Miniature poodle wins best-in-show at Westminster
By Ben Walker, Associated Press, 02/12/02
NEW YORK -- A prancing, black package of pompoms put a little Spice into the Westminster dog show.
Surrey Spice Girl, a miniature poodle, wins Best in Show in the 126th Annual Westminster Kennel Club Dog Show yesterday at Madison Square Garden in New York. (AP Photo)
Photos: More show dogs
In an upset, a miniature poodle named Surrey Spice Girl walked off as America's top dog Tuesday night when she was picked as best-in-show at Madison Square Garden.
"She oozes breed type," praised judge W. Everett Dean Jr. "Every step was right. She was smooth, gorgeous."
The perfectly manicured 3-year-old became the first miniature poodle to win America's most prestigious dog show since 1959.
The victory completed a kind of Triple Crown for breeder Anne Clarke. She previously won best-in-show as a handler at Westminster and also judged the award.
A Kerry blue terrier named Torum's Scarf Michael had been the early favorite among dog fanciers and the crowd of 10,000. He was bidding to become only the second dog ever to win Westminster and Crufts, England's banner show.
But instead of becoming a world beater, the 5.5-year-old terrier called Mick appeared a bit distracted and left room for Spice.
There were more than 2,500 entries at the show, representing 159 breeds and varieties.
The two-day event attracted celebrities such as Candice Bergen and Glenn Close. It also drew an Irish setter co-owned by New York Yankees pitcher Mike Mussina.
Group winners earlier Tuesday evening were a Brittany called Jester (sporting), a Rhodesian ridgeback named Wetu of Kalahari (hound) and a Pembroke Welsh corgi called Sammy Sosa (herding).
A standard schnauzer named Charisma Jailhouse Rock won the working group and an affenpinscher called Cosmo won the toy group Monday night.
Spice came from the non-sporting group and Mick won among terriers.
Kaz Hosaka expertly led Spice around the center ring, and could hardly talk after the victory.
"I came to this country 23 years ago hoping to win this show," he said.
The best-of-breed winner among Afghan hounds was Xandali Isabeau of Boanne, and she got polite applause when she strode onto the green carpet.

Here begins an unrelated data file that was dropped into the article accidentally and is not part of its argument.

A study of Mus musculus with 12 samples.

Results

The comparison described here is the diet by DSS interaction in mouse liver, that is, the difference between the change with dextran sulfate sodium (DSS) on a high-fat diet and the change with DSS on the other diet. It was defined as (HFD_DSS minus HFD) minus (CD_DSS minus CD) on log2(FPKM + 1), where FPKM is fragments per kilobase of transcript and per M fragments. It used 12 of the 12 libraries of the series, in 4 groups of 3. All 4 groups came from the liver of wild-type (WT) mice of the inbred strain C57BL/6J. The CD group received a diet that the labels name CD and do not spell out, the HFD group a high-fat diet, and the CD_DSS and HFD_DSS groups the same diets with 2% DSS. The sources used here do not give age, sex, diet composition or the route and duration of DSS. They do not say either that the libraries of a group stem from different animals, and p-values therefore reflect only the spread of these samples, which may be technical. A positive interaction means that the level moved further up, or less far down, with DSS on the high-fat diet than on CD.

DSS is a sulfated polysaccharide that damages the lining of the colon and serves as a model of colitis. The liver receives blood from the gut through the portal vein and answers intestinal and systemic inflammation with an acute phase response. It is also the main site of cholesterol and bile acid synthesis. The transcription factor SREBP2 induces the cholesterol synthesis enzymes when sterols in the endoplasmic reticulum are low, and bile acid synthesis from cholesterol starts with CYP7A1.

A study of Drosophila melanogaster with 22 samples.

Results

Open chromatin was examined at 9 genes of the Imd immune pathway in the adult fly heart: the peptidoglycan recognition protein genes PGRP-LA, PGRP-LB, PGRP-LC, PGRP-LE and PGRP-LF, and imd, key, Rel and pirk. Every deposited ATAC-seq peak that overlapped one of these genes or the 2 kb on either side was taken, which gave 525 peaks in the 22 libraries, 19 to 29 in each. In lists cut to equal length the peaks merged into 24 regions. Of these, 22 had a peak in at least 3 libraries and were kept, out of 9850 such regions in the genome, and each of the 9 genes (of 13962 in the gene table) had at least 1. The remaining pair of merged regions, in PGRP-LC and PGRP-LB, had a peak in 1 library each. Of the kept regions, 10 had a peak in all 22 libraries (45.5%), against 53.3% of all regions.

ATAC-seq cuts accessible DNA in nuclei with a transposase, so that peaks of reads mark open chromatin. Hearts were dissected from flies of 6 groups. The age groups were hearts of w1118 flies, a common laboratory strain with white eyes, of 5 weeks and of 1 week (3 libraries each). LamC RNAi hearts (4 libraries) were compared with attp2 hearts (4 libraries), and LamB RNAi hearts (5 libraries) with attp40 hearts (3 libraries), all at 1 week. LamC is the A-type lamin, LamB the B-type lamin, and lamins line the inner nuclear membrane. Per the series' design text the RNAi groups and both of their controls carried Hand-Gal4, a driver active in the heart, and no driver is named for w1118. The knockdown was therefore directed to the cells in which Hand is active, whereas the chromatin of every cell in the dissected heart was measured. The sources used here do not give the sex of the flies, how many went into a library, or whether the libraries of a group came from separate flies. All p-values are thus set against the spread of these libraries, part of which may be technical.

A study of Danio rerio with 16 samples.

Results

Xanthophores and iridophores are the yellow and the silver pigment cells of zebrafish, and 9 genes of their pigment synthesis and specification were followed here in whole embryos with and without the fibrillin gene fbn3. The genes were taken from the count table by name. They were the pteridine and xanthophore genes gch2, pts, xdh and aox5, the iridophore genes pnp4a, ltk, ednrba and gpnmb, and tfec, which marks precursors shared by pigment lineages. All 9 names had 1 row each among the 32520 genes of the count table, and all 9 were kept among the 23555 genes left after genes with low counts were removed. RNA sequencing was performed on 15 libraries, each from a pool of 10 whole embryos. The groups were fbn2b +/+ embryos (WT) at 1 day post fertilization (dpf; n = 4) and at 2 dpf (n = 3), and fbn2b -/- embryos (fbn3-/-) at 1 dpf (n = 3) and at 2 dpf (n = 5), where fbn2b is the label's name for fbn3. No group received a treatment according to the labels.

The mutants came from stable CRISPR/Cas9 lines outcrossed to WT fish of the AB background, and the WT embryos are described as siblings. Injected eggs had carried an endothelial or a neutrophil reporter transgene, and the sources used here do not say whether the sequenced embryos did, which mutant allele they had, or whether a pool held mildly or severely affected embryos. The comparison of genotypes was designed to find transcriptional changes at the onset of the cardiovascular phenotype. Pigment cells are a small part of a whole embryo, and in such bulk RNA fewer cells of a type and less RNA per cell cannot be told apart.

That's a better reception than some Afghan hounds have gotten lately.
"Now that 9-11 happened, I'm very careful where I go with my dog," said Lou Guerrero, owner-breeder of the No. 1-ranked Afghan from last season.
"When people ask what kind she is, I just say, 'She's a hound dog,"' he said. "The only reason I do this is for fear of possible retaliation."
Afghan hounds originated in Afghanistan, and certainly no dogs have come under the kind of scrutiny the breed has faced since the terrorist attacks on the World Trade Center and Pentagon.
Handler Peggy Coffman from Madison, Ohio, knows all about that. There was no mistaking her Afghan's colors -- backstage, George wore a red, white and blue, star-spangled bandanna.
Yet a month after the attacks, Coffman said she was in a restaurant outside Baltimore with a dog's owner when police came looking for them.
Outside, they found police officers surrounding their van -- the one with license plates that read, "AFGHAN1."
"They wanted to know what that was all about," she said. "Then a higher-ranking lieutenant told the younger patrolmen, `It's dogs."'
Even so, such bias led to a brief discussion at the Afghan Hound Club of America's exhibition in Houston whether the breed's name should be switched to something that would attract less attention. The group, meanwhile, requested that the word "Afghan" be taken off the marquee at the hotel where the show was held.
"A few people threw around the idea of changing the name of the Afghan hound to 'Tazi' hound, as they are known in their home country," said USA Network commentator David Frei, who has been involved with the breed for 30 years.
The club decided to keep the name. In the past, however, dogs' names have been altered because of world conflict.
During World War I, the American Kennel Club changed the name of German shepherds to simply shepherd dogs to "save the breed from prejudice." They were called Alsatian wolfdogs in Britain, then shifted to merely Alsatians until the late 1970s.